Prison unnecessarily holds inmates in secure unit
Placement of minimum secure inmates in maximum security conditions
A group of seven inmates with a classification of minimum security risk who were being transferred from Mt Eden Prison to a central North Island prison farm complained when they found themselves in ‘D’ Block at Auckland Prison East for ten days. ‘D’ Block has rather spartan conditions and is normally used to house inmates who are difficult to manage. The inmates complained that they had not done anything to warrant being held in such conditions.
The Department explained that an unexpected muster crisis had resulted in a shortage of minimum secure beds and this was the reason the inmates had been placed in ‘D’ Block. The Department also insisted that the ‘D’ Block regime be maintained irrespective of the security category of the inmates being held there.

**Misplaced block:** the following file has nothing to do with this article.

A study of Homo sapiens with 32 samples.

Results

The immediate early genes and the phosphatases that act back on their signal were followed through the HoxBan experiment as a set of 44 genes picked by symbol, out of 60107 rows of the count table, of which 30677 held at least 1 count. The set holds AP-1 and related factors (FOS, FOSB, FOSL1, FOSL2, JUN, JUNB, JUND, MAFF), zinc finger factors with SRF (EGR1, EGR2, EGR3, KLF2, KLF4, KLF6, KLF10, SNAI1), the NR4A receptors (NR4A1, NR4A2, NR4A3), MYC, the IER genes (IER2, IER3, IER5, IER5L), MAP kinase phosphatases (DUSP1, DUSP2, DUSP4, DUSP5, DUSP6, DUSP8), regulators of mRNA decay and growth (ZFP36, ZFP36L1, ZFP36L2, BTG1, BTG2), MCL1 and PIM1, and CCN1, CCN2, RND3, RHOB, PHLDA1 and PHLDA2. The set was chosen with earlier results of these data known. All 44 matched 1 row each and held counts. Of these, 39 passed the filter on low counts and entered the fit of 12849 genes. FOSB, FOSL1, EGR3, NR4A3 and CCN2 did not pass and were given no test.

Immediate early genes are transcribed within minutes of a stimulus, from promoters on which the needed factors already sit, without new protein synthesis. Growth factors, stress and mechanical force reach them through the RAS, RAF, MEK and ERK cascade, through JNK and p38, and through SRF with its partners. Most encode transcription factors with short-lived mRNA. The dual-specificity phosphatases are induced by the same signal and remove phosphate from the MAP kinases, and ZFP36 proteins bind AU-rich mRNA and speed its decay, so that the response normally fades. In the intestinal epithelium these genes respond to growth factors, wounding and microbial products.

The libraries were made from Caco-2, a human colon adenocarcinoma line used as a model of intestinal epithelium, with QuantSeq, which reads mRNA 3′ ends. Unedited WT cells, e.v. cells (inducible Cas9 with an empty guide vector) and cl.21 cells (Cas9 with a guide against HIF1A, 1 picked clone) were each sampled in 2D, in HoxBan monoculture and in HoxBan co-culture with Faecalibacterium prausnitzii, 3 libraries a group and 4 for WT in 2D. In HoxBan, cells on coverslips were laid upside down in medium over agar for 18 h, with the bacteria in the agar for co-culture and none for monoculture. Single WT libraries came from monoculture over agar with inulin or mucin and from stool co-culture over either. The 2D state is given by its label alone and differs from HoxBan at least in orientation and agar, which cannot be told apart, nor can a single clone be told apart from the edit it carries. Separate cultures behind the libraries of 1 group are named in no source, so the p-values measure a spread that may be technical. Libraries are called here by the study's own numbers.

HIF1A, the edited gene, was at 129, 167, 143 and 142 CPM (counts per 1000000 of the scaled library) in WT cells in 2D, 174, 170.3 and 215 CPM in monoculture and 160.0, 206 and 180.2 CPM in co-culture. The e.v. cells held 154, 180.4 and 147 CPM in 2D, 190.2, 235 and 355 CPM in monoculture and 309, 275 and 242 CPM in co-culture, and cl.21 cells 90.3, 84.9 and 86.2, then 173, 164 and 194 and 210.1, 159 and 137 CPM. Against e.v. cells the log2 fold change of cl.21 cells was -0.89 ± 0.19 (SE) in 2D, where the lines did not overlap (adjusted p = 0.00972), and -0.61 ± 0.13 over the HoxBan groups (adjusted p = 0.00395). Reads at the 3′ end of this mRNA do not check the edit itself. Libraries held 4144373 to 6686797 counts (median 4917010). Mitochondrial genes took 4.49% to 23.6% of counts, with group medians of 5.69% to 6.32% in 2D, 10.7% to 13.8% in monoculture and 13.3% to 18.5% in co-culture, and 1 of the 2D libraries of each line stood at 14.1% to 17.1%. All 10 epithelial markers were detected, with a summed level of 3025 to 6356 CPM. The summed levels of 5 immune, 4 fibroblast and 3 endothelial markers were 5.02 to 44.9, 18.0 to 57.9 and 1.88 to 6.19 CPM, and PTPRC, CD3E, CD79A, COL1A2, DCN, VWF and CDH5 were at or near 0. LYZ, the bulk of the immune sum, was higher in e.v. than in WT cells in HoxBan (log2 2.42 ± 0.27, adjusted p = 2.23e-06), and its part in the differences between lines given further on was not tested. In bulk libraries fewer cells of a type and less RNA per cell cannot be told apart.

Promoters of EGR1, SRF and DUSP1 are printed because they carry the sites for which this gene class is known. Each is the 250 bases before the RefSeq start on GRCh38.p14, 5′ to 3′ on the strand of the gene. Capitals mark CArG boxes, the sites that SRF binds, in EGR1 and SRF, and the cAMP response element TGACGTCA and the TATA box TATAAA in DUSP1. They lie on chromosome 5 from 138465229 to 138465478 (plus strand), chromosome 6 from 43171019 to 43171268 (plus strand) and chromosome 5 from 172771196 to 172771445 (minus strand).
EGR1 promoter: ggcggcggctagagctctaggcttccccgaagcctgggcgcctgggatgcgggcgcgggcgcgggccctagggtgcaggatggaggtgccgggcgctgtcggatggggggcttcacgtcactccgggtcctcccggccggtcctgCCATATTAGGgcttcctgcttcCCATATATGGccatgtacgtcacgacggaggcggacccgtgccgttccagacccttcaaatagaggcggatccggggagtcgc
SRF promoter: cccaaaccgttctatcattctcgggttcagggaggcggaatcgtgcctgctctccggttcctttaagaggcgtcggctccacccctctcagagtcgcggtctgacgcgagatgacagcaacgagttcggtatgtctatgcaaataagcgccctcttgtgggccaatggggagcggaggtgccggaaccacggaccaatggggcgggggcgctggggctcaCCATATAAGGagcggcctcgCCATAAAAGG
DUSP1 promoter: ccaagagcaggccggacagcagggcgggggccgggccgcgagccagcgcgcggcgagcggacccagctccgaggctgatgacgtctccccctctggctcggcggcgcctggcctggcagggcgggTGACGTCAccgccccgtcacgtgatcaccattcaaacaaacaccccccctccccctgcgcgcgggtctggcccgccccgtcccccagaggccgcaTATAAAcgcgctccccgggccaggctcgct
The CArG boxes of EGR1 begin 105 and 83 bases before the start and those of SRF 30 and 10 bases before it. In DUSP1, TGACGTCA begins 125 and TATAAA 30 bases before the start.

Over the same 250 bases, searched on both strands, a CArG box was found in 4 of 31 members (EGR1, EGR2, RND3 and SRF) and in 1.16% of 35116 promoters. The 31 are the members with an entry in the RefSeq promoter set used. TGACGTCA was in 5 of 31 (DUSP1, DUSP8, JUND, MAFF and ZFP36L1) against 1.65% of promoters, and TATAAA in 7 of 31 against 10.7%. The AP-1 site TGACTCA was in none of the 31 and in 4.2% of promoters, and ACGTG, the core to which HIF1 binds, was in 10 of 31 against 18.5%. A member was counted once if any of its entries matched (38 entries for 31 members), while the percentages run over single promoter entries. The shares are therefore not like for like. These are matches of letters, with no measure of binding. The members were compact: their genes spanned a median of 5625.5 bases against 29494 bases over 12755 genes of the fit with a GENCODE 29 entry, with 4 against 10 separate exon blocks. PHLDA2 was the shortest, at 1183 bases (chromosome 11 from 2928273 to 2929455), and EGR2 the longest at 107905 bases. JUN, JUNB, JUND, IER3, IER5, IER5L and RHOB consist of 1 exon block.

The Department agreed that the placement of minimum secure inmates in ‘D’ Block was not desirable and, in the event of future muster crises, such inmates would be held for short periods in other parts of the prison. It was also acknowledged that if in an emergency situation ‘D’ Block had to be used again for this purpose, minimum secure inmates would be afforded additional privileges to those placed there for security reasons.
This case note is published under the authority of the Ombudsmen Rules 1989. It sets out an Ombudsman’s view on the facts of a particular case. It should not be taken as establishing any legal precedent that would bind an Ombudsman in future.